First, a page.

As the late, great Tom Petty once wrote, “The waiting is the hardest part.”
After what felt like the longest off-season in sports history, the wait is finally over. The Cleveland Browns will kick off their regular season at First Energy Stadium this Sunday vs the Tennessee Titans, who are coming off their third straight 9-7 season.
With the Browns looking to win only their second season opener since 1999, we take a look at the three keys to victory for the week one match-up:
1. Pressure Marcus Mariota
Three-time Pro Bowl left tackle Taylor Lewan is suspended for the first four games of the 2019 season for violating the NFL policy on performance-enhancing substances. As a result, superstar edge Myles Garrett should have a feast of Thanksgiving dinner level proportions vs offensive tackle Dennis Kelly.
In 2018, Garrett ranked T-3rd in sacks, 5th in quarterback hits, and T-7th in total pressures1, all while being limited to two pass-rush moves. Now with more freedom, Garrett should be able to capitalize vs Kelly, who has only lined up at left tackle on 15.3% of career pass snaps.
Garrett will team up with Olivier Vernon, who had the 7th-best pass-rush grade and 8th-best pass-rush win rate in 2018 (per Pro Football Focus). The tandem should be a formidable presence off of the edge and dominate the Titans’ offensive tackles, which will put immense pressure on quarterback Marcus Mariota, who had the highest sack rate when under pressure in 2018.2
2. Stop the Run
Running back Derrick Henry will be the focal point of the Titans offense in 2019. The 6-3, 247-pound back is a violent runner that can cause serious damage when he reaches the second and third levels. In 2018, Henry had the following ranks (per Pro Football Focus):
The Browns struggled mightily versus the run in 2018, allowing the 2nd most first down runs (130) and the 5th most total rushing yards (2,163). In order to mitigate the situation, the Browns added veteran defensive tackle Sheldon Richardson during the off-season. At 6-3 and 295 pounds, Richardson is a difference-maker and top-tier 3-technique tackle. In 2018, he recorded 18 run stops on 272 run-defense snaps, which equates to a 6.6 run-stop percentage.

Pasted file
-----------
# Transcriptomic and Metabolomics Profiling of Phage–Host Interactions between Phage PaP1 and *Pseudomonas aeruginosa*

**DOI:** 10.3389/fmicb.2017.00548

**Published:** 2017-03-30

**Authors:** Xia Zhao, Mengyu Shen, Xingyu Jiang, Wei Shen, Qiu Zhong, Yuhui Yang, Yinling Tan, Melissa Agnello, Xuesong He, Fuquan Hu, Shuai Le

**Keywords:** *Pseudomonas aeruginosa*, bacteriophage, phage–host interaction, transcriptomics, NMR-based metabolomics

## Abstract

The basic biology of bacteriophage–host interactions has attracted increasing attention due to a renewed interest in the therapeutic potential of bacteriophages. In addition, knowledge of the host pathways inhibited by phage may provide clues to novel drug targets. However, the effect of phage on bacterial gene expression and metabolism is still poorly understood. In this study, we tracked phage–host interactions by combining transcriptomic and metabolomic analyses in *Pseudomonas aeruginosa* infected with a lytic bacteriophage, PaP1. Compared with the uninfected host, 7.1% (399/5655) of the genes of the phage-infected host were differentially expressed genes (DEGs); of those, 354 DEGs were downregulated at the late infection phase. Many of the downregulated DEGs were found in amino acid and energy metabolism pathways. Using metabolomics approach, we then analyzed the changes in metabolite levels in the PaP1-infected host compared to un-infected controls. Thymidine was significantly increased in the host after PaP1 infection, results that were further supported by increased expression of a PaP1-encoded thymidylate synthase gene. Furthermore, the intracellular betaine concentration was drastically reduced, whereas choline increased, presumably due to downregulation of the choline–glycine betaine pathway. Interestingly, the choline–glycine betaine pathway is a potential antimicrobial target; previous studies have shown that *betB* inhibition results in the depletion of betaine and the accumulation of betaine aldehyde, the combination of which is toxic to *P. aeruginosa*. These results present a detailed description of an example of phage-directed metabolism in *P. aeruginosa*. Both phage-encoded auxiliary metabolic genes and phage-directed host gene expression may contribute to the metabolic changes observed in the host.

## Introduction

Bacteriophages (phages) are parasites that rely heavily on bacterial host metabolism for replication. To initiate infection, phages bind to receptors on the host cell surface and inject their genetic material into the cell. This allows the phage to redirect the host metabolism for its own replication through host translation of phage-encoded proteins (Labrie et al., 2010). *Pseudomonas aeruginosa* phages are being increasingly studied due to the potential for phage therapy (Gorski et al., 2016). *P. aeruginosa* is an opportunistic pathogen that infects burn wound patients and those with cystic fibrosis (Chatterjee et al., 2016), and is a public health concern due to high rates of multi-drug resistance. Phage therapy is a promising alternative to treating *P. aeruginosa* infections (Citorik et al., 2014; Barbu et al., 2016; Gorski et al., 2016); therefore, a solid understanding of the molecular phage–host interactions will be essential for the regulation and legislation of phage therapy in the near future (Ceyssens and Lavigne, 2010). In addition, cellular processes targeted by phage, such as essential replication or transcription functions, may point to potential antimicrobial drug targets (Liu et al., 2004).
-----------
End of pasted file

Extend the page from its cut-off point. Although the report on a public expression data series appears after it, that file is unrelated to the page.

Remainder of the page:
Richardson and fellow defensive tackle Larry Ogunjobi will have to set the tone early up the middle and take away the most pivotal part of the Titans style of football.
By removing Henry from the game, the Browns would force the Titans into passing situations, which would strongly advantage the home squad, as discussed in key 1. above.
3. Protect Baker Mayfield
The Browns have a smörgåsbord of playmakers at their disposal in 2019. However, this is a moot point if quarterback Baker Mayfield is constantly under duress. One of the key factors in the team’s success down the stretch last season was the protection of Mayfield, where he was kept clean on 74.2% of snaps. As we saw in the third preseason game versus the Tampa Bay Buccaneers, there is cause for concern for this offensive line, specifically at the right guard position. However, head coach Freddie Kitchens and offensive coordinator Todd Monken should be able to hide the weakness by reducing the time from snap to pass and utilizing max protection when necessary.3
With adequate protection, the offense has a chance to flourish in week one versus a Titans secondary that is among the NFL’s best when playing at full potential but is frequently inconsistent. For example, cornerbacks Malcolm Butler and Adoree Jackson ranked 74th, and 84th, respectively, in coverage snaps per reception in 2018. Further, Jackson (823) and Butler (778) allowed the 4th and T-9th most receiving yards, respectively, among cornerbacks with at least 250 coverage snaps. Butler, in particular, was a prime example of inconsistency in 2018, allowing a passer rating of 141.8 from weeks 1-9 of the 2018 season and 40.4 from weeks 10-17.
The Browns must put playmakers in the best position to succeed, target them early and often, and win one-on-one battles in order to claim victory on Sunday afternoon. This will only be possible with consistent and sufficient offensive line play.
Cleveland Browns season openers have been nothing short of Groundhog Day since returning to the league in 1999, but these aren’t the Browns of yesteryear. With a new look, new attitude, unprecedented hype, and a foundation of trust/accountability, the team has a good chance to win week one if the above keys are achieved.